The Mullet Summer Reading Part I: Some Suggestions

 A Paddler’s Reading List

Much to our chagrine, we can’t always be paddling in our copious spare time. But if we can’t be out on the water, we can at least read about it.  Whether you’re trapped in a car on a long business trip and need an audio book, or you’re nursing an injury and need something to assuage the boredom and frustration, or just if you’ve binged out on everything good on Netflix and need to detox, here’s a the first of a two-part list of great water-related reads to supplement your summer.

A Classic

Barbarian Days: A Surfing Life by William Finnegan

Finnegan, a staff writer at The New Yorker, takes us on a coming of age surf journey around the world in a style Sports Illustrated describes as Hemingway-esque. Not sure I would go that far, but the prose is more than engaging and the descriptions of breaks, secret spots and the details of his relationships with the people he meets along the way are enthralling, heartbreaking and soulful. It’s no wonder this autobiography won a Pulitzer Prize last year.

Oh, Mexico!

In Search of Captain Zero: A Surfer’s Road Trip Beyond the End of the Road by Allan Weisbecker

If you’ve never dreamed of chucking it all, buying an RV and driving across the border on a surf safari, then this book might make you want to do it.  Or it might make you think twice. The true story of Weisbecker’s search for a long lost friend  through Mexico and into Central America is a great ride, with a poignant ending.

A Paddler's Reading List

Kook: What Surfing Taught Me About Love, Life, and Catching the Perfect Wave by Peter Heller 

And if Captain Zero doesn’t make you want to jump in that RV, Kook most definitely will.  And if you’re like me, you’ll feel an instant kinship with the author as Weller describes his trials and tribulations learning how to surf. You might learn some things along the way, as well.


438 Days: An Extraordinary True Story of Survival At Sea by Jonathan Franklin

I just recently listened to this in the seven-hour car ride from Raleigh to Chattanooga and I can’t stop thinking about it. I remember hearing about  Salvador Alvarenga’s 2014 rescue after being lost at sea for over a year and how authorities were not sure if his story was actually true.  But indeed it was, and the story is downright amazing. Caught up in a massive storm whilst fishing in Mexico, Alvarenga washed ashore 15 months later in the Marshall Islands.  With sad, sad moments, and moments of absolute brilliance, you will marvel at Alvarenga’s skill as a seaman, his courage as a friend, and his resilience as a member of the human race. This could make a fantastic movie, though a search doesn’t offer any information on whether that’s in the works.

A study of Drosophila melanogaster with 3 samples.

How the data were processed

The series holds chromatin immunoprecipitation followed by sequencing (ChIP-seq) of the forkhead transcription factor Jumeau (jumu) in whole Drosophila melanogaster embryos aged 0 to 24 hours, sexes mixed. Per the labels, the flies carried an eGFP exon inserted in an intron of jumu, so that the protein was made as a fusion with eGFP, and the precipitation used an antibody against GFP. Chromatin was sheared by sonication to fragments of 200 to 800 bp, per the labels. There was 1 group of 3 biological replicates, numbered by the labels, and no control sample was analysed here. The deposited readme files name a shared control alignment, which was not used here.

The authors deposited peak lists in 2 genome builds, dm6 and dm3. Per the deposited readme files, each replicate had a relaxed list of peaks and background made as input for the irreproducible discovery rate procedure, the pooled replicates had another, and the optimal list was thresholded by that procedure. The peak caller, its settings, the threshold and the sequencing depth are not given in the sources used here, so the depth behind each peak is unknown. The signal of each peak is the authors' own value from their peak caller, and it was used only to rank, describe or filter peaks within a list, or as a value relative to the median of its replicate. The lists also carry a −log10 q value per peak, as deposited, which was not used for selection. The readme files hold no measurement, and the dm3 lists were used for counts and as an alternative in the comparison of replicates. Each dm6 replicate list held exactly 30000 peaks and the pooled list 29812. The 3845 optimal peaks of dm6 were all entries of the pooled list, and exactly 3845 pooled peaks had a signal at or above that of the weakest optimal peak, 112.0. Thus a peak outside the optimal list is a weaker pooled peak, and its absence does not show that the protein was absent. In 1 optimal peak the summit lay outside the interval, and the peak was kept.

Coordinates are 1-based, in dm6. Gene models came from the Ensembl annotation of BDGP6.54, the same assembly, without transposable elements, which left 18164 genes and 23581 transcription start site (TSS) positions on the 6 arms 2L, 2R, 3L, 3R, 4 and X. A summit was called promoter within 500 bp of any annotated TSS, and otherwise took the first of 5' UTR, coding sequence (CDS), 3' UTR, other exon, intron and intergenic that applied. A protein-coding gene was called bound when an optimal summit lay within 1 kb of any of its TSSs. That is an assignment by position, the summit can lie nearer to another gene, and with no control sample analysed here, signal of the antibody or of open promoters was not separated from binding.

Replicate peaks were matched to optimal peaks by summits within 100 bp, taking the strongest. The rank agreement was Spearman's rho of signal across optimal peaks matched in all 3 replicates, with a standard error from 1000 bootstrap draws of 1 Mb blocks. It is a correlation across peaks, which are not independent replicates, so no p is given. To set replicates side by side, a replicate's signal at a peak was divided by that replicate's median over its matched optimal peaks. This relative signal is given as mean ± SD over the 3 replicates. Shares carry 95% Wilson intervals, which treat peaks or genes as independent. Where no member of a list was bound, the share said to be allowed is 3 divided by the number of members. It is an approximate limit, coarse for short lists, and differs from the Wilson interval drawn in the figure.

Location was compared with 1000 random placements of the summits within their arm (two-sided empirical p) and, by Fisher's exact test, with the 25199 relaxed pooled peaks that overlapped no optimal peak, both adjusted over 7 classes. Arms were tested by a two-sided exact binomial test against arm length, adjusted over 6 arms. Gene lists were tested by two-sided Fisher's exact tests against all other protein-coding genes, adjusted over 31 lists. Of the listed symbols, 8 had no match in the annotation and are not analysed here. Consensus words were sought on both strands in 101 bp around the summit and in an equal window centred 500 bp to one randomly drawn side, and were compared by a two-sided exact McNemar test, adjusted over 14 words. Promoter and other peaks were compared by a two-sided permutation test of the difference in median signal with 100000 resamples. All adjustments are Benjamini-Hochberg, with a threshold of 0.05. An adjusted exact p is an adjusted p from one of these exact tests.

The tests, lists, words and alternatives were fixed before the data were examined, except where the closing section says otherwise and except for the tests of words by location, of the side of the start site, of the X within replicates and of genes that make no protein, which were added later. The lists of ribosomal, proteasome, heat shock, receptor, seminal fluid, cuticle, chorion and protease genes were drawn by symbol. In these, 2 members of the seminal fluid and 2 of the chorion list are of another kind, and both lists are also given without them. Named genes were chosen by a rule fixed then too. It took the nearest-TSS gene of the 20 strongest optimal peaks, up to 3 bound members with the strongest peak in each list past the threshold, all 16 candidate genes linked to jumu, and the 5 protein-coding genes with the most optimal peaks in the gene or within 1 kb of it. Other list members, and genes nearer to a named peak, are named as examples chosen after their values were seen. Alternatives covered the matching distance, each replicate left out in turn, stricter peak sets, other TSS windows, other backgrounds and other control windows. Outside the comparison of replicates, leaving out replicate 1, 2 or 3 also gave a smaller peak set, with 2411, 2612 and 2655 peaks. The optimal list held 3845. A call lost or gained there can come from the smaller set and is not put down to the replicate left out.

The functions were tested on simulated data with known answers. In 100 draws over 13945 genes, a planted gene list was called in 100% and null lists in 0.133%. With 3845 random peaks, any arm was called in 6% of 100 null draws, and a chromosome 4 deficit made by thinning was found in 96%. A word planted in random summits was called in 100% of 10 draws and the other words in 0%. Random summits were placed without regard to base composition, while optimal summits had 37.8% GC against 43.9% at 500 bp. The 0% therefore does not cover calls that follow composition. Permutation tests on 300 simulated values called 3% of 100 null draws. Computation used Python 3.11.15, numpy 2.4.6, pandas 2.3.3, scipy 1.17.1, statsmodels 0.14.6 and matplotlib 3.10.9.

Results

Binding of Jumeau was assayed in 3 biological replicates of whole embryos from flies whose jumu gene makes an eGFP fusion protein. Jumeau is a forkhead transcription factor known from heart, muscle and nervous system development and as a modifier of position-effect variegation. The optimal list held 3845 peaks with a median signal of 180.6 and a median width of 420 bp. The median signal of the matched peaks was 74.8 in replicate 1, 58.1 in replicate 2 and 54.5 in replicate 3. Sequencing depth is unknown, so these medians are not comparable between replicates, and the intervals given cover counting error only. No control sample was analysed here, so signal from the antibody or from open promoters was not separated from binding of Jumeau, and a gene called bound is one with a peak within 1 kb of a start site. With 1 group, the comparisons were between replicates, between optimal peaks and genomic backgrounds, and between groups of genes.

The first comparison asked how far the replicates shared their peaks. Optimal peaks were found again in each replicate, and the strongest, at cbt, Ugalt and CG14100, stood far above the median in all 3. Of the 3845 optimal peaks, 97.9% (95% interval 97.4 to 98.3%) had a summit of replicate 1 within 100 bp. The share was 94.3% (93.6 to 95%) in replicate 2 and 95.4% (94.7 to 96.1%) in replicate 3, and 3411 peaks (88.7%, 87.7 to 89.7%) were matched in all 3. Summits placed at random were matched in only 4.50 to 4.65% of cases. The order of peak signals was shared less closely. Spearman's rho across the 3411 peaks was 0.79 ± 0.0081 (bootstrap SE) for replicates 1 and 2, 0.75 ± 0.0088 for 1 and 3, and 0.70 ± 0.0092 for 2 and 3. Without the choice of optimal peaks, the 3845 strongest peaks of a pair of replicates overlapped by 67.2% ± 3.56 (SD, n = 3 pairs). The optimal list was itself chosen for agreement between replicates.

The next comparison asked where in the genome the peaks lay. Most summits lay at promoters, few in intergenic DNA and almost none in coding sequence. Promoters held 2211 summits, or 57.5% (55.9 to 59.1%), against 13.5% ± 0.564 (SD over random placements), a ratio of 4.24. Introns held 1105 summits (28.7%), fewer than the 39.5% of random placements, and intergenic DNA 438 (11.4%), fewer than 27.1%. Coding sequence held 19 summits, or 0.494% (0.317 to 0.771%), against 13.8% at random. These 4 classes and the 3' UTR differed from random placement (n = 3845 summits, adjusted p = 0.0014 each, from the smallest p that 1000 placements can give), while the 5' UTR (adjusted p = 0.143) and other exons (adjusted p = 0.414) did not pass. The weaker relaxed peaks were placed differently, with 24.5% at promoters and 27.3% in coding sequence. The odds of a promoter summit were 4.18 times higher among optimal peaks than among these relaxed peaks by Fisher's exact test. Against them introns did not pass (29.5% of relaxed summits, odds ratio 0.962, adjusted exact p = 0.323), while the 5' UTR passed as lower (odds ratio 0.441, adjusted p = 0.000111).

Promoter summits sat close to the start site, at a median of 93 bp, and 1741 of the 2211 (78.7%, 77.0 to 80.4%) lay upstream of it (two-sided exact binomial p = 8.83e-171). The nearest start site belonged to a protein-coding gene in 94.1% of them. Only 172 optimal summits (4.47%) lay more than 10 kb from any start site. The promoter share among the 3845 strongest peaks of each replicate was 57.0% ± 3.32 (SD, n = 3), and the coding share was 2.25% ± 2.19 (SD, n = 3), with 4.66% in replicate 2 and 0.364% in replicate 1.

Two By Susan Casey

The Wave by Susan Casey

Part oceanography lesson, part profile of big wave legends like Laird Hamilton, and part catalogue of the world’s Big Wave meccas, Casey helps us understand how waves tick, and how the men and women who ride the giants do as well.

The Devil’s Teeth: A True Story of Obsession and Survival Among America’s Great White Sharks 

Set in the Farallon Islands off the coast of San Francisco, The Devil’s Teeth tells the story of shark researchers who spend isolated hours on a guano-covered outpost trying to learn all they can about the Great White sharks that congregate there. It’s a fascinating read.

Tell Us Something We Don’t Already Know

Blue Mind: The Surprising Science That Shows How Being Near, In, On, or Under Water Can Make You Happier, Healthier, More Connected, and Better at What You Do by Wallace J. Nichols 

Looking for some validation? Justification? Just want to know why it feels so good to be in the water? Then here you go.

One Fish, Two Fish

What a Fish Knows: The Inner Lives of Our Underwater Cousins by Jonathan Balcombe

It can get a little into the science-y weeds, but it is absolutely fascinating to learn that there’s more to our finned friends than we might think.  If you love critters, especially the ones that live in the water, then give this a look.

A Whale of a Tale

 Set in Maui, Christopher Moore takes us on a hysterical romp into the fantasy world of humpback whales.  This is a laugh out loud kind of book in the vein of Terry Prachett, Jasper FForde, and Neil Gaiman, with a little bit of Carl Hiaasen thrown in for good measure.

Want more?

Stay tuned for Part Two of the Mullet Summer Reading list coming next week!

In the meantime, check out John’s recommendations from a while back…

Got something to add? Let us know in the comments!